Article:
During the week covered by this review, we received 7 articles on the following subjects:
The Jerusalem Post, August 5, 2019
The Anglican Church of Canada, following a meeting of the Great Synod in Vancouver, has announced that it will remove a prayer for the conversion of Jews from The Book of Common Prayer. The old prayer states: “… open their hearts that they may see and confess the Lord Jesus to be the Son and their true Messiah.” Instead, a prayer for reconciliation between Christians and Jews will be included. The move is meant to counter historic anti-Semitism.
Haaretz, August 6, 2019; Yated Ne’eman, August 7, 2019
These articles had to do with the ongoing controversy over the sale of assets belonging to the Greek Orthodox Church in Jerusalem to a settler organization by the name of “Ateret Cohanim”. The Church has officially appealed the Supreme Court’s decision to authorize the sale, bringing forward new evidence of corruption in the original deal. This includes a witness account by one of the hotel managers, who claims he received money from Ateret Cohanim in order to convince Palestinian families, at the time considered “protected residents”, to give up their right to reside in the hotels. The manager also witnessed the faking of documents, and bribery offers. The new set of evidence includes a tape in which an official from Ateret Cohanim is heard offering the manager prostitutes in exchange for his assistance.
The Jerusalem Post, August 6, 2019
This was a piece by Shmuley Boteach, the author of Kosher Jesus, who wrote the piece in preparation for a debate with Mike Brown in New York. Brown, according to this article, supports evangelism to the Jews. Boteach argued that the New Testament is rife with anti-Semitic judgments of Jews, who are consistently depicted as villains. Boteach goes on to argue that while these passages undergird historic anti-Semitism, modern Christians largely “reject any demonization of the Jewish people”, and increasingly ally themselves with the Jews. Ultimately, he said, “it’s a game of interpretation” whether the New Testament is to be considered anti-Semitic, and Christians have a responsibility to recognize those dangerous passages, and to disarm them through re-interpretation. The Catholic Church did this in 1985, and it’s now “high time Christian leaders outside the Catholic camp begin to do the same.” Brown’s pro-conversion views, he argued, are increasingly outdated.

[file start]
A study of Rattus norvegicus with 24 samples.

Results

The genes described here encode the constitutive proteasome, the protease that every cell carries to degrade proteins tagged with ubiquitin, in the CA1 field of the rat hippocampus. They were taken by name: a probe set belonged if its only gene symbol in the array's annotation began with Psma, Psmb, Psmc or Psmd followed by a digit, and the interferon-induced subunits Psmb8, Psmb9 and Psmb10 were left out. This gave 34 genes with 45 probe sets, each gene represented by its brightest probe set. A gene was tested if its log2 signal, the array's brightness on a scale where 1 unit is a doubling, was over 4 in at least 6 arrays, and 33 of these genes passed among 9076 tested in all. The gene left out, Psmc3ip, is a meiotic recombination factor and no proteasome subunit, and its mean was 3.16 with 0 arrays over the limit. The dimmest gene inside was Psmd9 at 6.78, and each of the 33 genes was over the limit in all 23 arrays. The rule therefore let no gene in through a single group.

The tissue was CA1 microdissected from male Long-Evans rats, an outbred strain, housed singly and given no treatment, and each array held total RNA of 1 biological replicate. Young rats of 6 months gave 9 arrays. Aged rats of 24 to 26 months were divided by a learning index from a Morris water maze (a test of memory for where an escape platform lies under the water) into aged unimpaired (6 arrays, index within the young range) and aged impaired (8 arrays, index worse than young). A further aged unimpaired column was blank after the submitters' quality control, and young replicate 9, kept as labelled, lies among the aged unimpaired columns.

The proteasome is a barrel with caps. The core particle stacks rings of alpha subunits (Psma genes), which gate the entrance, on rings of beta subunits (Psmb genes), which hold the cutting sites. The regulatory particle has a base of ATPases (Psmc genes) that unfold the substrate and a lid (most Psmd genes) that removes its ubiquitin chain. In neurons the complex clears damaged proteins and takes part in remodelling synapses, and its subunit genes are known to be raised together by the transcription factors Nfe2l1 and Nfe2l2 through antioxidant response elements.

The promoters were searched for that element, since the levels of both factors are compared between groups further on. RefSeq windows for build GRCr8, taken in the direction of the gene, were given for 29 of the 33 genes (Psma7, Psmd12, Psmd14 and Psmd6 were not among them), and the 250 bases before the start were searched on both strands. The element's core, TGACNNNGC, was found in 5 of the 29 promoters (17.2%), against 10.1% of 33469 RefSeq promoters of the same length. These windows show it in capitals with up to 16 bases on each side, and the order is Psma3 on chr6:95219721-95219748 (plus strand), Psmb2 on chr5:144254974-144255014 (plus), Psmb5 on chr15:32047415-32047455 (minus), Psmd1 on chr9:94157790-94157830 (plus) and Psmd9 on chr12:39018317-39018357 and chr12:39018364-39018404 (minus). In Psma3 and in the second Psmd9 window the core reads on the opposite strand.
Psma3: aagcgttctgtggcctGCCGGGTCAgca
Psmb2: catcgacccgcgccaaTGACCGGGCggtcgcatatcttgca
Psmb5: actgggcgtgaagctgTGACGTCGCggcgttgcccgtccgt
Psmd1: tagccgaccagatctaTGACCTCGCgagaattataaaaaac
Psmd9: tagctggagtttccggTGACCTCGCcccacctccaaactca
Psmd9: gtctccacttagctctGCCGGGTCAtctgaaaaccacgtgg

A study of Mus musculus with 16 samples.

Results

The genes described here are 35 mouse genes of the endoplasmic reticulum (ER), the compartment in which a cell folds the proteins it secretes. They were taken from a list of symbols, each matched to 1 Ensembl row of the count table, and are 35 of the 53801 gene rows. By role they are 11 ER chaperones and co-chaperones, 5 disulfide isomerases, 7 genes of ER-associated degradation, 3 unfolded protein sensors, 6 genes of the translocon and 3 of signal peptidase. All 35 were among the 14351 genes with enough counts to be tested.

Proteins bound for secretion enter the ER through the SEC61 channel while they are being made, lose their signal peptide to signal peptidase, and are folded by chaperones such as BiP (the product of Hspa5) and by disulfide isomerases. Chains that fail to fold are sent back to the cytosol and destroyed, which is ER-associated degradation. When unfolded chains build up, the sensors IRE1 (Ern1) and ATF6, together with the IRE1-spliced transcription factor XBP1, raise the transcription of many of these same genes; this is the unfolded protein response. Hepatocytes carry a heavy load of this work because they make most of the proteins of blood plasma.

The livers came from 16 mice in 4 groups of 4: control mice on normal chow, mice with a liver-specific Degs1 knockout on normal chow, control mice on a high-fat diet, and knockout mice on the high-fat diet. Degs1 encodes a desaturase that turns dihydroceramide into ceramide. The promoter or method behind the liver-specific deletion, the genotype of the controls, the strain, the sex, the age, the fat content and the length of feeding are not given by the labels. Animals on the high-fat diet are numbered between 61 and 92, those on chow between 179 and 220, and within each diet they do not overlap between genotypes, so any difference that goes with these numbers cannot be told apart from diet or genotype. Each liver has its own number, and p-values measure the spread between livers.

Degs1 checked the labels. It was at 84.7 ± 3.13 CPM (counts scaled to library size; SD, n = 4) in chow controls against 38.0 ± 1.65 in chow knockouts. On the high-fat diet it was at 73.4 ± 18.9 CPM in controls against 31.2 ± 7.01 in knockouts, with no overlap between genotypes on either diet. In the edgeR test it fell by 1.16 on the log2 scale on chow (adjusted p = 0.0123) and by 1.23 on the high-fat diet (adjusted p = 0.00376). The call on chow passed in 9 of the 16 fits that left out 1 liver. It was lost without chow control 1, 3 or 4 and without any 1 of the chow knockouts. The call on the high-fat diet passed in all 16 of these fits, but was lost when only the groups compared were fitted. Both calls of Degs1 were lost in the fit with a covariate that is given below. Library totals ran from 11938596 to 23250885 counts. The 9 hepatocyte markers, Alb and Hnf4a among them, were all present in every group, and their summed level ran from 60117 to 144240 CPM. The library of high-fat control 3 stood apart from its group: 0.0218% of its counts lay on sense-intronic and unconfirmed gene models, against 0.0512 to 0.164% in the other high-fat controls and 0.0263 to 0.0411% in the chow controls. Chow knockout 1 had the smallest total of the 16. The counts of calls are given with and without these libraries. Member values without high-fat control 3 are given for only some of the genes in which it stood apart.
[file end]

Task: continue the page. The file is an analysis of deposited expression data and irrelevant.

Iton Shacharit, August 6, 2019; Menorah, August 1, 2019; Hamodia, August 8, 2019
The first article reported that a large group, which included Jews, were set to be baptized in the Sea of Galilee. Missionaries from the “Church of Life” in Tel Aviv, who primarily work with Russian-speakers, were responsible for the event. Fifteen Yeshiva students gathered at the departure site to protest. They convinced some Jews to stay behind. Once the group arrived at the Sea of Galilee, protestors had gathered there as well, and ultimately the mass baptism was canceled.
The second article revisited the story from last week about the free trip scheme offered by missionaries to Jews, considered a “missionary trap”. The free trip included a stopover at a prayer center. The “missionary” Shlomi Abramov, from Rishon LeZion, is said to have distributed free New Testaments to participants.
The final article announced a conference by Yad L’Achim in Jerusalem, aimed at exposing missionary tactics in response to increased missionary activity in Jerusalem. The event is not only meant to educate, but also to recruit new activists and volunteers for Yad L’Achim.